How many times have you been in a nice restaurant or at your kid's ball game and some dude is on his cell phone. Usually, he is talking too loud and jabbering on about something obviously not worthy of pissing off or distracting all those around him. Meanwhile, noone nearby can carry on a normal conversation or enjoy what everyone else is there for?
A client of mine and I were at Ciao Bella a while back and some pompous dot bomb paper tycoon was holding court with his employees. He was already too loud and then his cell phone rang. His blather on his dumbphone was so loud that it was even embarrassing for his groupies.
They were shrugging their shoulders and glancing around at all of us with apologetic visages. Meanwhile their presumed employer was foaming on and on, oblivious to the scene he was creating.
We asked the waiter to move us and we were grateful that he could oblige. He got it.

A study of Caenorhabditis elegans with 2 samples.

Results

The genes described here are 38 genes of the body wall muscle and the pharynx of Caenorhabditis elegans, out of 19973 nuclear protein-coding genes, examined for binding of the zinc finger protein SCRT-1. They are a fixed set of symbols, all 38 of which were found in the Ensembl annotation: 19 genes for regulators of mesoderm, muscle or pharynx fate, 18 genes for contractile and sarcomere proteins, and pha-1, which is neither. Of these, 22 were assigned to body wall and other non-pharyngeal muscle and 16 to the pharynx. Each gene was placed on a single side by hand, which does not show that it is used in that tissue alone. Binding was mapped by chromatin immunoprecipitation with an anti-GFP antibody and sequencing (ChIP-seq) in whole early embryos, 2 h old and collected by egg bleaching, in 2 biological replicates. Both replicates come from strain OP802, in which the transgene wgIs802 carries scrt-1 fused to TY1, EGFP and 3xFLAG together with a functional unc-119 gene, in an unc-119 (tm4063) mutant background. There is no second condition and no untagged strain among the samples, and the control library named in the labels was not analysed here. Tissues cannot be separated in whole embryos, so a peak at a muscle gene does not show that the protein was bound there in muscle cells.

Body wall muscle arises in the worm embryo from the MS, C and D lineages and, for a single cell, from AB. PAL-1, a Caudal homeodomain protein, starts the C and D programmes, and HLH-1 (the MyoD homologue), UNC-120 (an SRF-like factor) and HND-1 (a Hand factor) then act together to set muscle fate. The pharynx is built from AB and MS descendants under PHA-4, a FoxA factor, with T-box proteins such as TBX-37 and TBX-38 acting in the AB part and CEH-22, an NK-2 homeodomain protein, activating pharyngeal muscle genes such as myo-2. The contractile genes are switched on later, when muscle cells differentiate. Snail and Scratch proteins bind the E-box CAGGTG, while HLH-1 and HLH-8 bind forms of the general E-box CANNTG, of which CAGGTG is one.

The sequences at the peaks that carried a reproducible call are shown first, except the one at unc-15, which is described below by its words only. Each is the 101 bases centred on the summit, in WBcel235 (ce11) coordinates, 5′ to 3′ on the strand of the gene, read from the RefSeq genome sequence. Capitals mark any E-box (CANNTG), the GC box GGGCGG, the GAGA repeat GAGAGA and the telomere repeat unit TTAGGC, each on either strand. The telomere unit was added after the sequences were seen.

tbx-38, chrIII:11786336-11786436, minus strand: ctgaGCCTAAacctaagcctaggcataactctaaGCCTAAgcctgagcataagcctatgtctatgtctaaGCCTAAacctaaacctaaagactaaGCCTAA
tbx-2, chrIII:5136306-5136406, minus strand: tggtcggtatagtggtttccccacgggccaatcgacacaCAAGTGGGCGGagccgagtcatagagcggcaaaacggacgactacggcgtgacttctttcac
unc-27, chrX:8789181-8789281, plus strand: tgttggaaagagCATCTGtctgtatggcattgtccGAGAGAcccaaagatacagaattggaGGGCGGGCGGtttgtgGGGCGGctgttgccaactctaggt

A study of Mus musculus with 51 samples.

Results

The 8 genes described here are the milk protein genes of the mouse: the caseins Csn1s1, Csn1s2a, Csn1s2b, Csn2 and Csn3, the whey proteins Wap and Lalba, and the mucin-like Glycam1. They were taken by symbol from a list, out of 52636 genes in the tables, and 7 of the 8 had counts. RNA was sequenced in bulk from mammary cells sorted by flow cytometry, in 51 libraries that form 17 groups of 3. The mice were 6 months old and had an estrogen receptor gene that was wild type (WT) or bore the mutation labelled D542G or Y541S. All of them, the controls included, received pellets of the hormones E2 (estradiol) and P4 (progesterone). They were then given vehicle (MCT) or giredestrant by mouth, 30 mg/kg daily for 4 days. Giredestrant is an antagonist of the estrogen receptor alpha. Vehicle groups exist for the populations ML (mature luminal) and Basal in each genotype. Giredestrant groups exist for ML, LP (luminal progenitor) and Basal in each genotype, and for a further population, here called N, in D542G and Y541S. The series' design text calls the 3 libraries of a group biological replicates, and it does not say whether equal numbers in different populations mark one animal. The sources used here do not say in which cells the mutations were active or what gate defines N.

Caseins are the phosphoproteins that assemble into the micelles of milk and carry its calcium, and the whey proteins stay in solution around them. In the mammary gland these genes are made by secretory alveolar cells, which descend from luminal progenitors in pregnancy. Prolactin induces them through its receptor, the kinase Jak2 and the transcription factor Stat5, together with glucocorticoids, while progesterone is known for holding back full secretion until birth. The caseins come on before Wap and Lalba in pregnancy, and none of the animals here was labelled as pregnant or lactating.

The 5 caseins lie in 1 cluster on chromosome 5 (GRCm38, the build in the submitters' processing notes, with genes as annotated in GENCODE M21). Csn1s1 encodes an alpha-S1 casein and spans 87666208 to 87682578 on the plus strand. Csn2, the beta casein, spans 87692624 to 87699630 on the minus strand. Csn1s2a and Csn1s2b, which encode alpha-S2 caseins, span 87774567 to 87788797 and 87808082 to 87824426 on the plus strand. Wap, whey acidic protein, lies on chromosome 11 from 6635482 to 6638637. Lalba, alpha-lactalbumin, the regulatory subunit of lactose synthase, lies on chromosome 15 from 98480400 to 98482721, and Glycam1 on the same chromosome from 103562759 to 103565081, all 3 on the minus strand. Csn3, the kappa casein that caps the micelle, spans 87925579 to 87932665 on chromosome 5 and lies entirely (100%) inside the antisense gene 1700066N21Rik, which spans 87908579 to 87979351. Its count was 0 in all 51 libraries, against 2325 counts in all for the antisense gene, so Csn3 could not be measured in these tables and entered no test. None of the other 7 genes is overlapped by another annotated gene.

How I would have loved to have one of these devices under the table to nuke his call, let him reconnect, and then repeat. Tell me you have never been in a similar situation.
Andrew reached into his shirt pocket and pushed a button on a black device the size of a cigarette pack. It sent out a powerful radio signal that cut off the chatterer’s cellphone transmission — and any others in a 30-foot radius.
“She kept talking into her phone for about 30 seconds before she realized there was no one listening on the other end,” he said. His reaction when he first discovered he could wield such power? “Oh, holy moly! Deliverance.”
The jamming technology works by sending out a radio signal so powerful that phones are overwhelmed and cannot communicate with cell towers. The range varies from several feet to several yards, and the devices cost from $50 to several hundred dollars. Larger models can be left on to create a no-call zone.
But before you order one (and I know you want to), consider this:
The Federal Communication Commission says people who use cellphone jammers could be fined up to $11,000 for a first offense. Its enforcement bureau has prosecuted a handful of American companies for distributing the gadgets — and it also pursues their users.